Nations try to get back on their feet but job cuts continue

Posted 6/5/20

The outbreak of the coronavirus has dealt a shock to the global economy with unprecedented speed. Following are developments Friday related to the national and global response, the work place and the …


Posted

The outbreak of the coronavirus has dealt a shock to the global economy with unprecedented speed. Following are developments Friday related to the national and global response, the work place and the spread of the virus.


— Bombardier Aviation is reducing its workforce by about 2,500 employees due to challenges caused by COVID-19. The company said Friday that it had to make the move because business jet deliveries, industry-wide, are forecast to be down approximately 30% year-over-year due to the pandemic.

Bombardier said most of the cuts will impact its manufacturing operations in Canada and will occur throughout the year. It has almost 60,000 total employees. The company anticipates an approximately $40 million charge related to the job cuts.

— Luxury British carmaker Bentley plans to cut up to 1,000 jobs and has warned of the possibility of more to come as it tries to limit the damage caused by the virus outbreak.

The company, which is part of Germany’s , said it is looking to make the initial job cuts under a voluntary scheme but that future job cuts may be on a compulsory basis.

Bentley said it has informed its 4,200 workers of a program to significantly reduce the size of the business.

TRAVEL:

— British Airways is considering legal action against the to force anyone arriving into the country to quarantine themselves for 14 days in order to stem the spread of the coronavirus.

Willie Walsh, the chief executive of International Airlines Group, which runs the British flag carrier, told Sky News he is reviewing the situation with lawyers. He said the “irrational” quarantine rules would “torpedo” the airline’s chances of flying in July.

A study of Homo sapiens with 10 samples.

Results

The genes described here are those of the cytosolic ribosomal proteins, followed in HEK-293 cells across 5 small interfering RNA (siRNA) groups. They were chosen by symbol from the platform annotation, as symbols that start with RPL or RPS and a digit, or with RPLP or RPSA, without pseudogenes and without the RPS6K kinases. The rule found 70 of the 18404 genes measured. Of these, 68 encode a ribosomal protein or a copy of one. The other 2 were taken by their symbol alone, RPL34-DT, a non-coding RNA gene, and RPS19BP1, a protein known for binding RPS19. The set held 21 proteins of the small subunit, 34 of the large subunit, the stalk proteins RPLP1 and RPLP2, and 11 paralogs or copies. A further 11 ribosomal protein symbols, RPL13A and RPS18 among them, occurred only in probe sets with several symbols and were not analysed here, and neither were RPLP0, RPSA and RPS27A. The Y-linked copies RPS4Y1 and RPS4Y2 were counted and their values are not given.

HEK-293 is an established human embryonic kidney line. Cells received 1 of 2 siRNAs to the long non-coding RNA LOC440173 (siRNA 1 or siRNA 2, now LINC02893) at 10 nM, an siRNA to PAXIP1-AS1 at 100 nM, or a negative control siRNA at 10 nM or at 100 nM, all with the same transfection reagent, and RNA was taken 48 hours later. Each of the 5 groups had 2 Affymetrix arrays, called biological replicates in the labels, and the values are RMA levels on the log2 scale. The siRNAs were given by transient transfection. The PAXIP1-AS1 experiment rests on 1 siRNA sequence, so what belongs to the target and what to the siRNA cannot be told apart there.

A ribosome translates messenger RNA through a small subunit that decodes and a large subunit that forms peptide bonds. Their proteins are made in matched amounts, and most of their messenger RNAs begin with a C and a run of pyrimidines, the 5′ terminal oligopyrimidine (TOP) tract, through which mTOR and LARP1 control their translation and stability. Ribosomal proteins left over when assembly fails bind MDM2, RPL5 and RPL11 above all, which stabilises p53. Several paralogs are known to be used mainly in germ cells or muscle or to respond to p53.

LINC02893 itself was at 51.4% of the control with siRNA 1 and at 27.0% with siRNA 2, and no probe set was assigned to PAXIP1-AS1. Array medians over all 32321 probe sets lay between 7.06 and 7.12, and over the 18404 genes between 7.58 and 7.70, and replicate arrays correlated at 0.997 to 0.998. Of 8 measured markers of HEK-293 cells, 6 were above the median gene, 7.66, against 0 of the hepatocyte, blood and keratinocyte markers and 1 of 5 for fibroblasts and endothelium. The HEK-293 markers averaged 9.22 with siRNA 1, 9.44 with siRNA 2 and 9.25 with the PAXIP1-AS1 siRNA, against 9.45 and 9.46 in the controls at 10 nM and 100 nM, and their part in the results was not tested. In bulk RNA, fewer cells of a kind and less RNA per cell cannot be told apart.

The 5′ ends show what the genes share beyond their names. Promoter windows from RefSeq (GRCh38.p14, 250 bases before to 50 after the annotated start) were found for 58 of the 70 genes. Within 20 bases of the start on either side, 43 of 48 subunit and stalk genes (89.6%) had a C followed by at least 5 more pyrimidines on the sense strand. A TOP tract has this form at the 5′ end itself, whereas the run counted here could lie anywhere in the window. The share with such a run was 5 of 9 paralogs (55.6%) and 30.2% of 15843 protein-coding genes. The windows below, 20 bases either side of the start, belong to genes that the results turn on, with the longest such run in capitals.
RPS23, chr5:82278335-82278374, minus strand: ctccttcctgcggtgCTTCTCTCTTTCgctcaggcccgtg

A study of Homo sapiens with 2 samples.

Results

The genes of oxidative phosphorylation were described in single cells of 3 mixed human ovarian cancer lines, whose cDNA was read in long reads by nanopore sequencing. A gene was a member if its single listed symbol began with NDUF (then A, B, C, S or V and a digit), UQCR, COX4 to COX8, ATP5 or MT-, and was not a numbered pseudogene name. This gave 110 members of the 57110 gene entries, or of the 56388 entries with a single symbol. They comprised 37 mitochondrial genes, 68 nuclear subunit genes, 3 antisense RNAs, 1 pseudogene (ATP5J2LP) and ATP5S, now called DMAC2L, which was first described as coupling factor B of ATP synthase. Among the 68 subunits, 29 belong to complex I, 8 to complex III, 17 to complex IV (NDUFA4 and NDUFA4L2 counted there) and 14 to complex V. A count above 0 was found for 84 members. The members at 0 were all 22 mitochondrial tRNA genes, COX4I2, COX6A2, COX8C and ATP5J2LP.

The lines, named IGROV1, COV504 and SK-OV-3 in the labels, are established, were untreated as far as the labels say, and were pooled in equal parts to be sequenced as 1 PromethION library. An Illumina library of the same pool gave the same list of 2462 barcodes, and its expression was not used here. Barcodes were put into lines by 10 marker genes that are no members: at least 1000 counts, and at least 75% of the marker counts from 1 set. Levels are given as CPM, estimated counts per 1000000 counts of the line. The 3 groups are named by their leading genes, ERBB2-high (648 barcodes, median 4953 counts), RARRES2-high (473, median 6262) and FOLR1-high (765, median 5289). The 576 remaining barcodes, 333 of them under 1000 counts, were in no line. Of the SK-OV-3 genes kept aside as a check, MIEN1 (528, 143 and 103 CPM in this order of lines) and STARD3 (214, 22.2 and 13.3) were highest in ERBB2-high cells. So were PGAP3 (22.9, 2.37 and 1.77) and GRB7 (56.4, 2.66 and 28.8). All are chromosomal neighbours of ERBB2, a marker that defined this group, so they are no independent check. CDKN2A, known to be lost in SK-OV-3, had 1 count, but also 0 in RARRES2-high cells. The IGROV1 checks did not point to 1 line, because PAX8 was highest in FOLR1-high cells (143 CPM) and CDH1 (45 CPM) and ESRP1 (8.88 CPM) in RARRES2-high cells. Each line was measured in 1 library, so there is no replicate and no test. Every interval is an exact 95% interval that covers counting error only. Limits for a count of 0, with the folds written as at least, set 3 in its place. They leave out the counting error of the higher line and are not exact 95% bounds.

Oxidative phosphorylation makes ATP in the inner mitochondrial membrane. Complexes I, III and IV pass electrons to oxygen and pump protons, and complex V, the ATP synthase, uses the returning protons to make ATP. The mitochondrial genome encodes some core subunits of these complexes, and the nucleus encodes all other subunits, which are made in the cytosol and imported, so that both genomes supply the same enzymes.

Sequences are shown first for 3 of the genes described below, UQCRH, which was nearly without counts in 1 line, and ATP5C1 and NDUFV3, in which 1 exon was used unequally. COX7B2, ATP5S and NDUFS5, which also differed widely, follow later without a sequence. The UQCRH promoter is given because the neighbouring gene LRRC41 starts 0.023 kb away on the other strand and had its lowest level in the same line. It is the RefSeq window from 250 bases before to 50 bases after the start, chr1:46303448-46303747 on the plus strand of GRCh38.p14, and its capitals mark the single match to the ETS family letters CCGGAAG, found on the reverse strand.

— Slovakia has lifted the government’s restrictions for traveling to neighboring Austria and Hungary.

Slovak Prime Minister Igor Matovic says the move becomes effective on Friday. It also enables citizens of Austria and Hungary to travel to Slovakia without any restrictions.

On Thursday, Slovakia reopened for travelers its with another neighbor, the Czech Republic.

CENTRAL GOVERNMENTS & BANKS:

— The unemployment level in the Czech Republic has been moderately growing amid the pandemic.

Labor Minister Jana Malacova says unemployment reached 3.6% in May, 0.2% more than the previous month. A total of 266,144 Czechs were unemployed in May, 12,104 more than in April.

Analysts have predicted that the unemployment level might reach up to 10% later in the year.

— Malaysia’s government has announced a 35 billion ringgit ($8.2 billion) stimulus to bolster short-term economic recovery. The package, which is in addition to a $60 billion stimulus announced earlier, centers on increasing employment, wooing foreign investment and revitalizing key sectors of the economy. Prime Minister Muhyiddin Yassin said Friday it included 10 billion ringgit ($2.3 billion) in direct fiscal injection to the economy in the form of wage subsidies, upskilling programs and supporting small and medium-sized enterprises. Various tax breaks and rebates are being given to bolster the manufacturing, property, auto, palm oil, airline and tourism sectors.

MARKETS: Global markets Friday in early trading after a stunningly good report on the U.S. job market gave Wall Street’s recent rally another shot of adrenaline.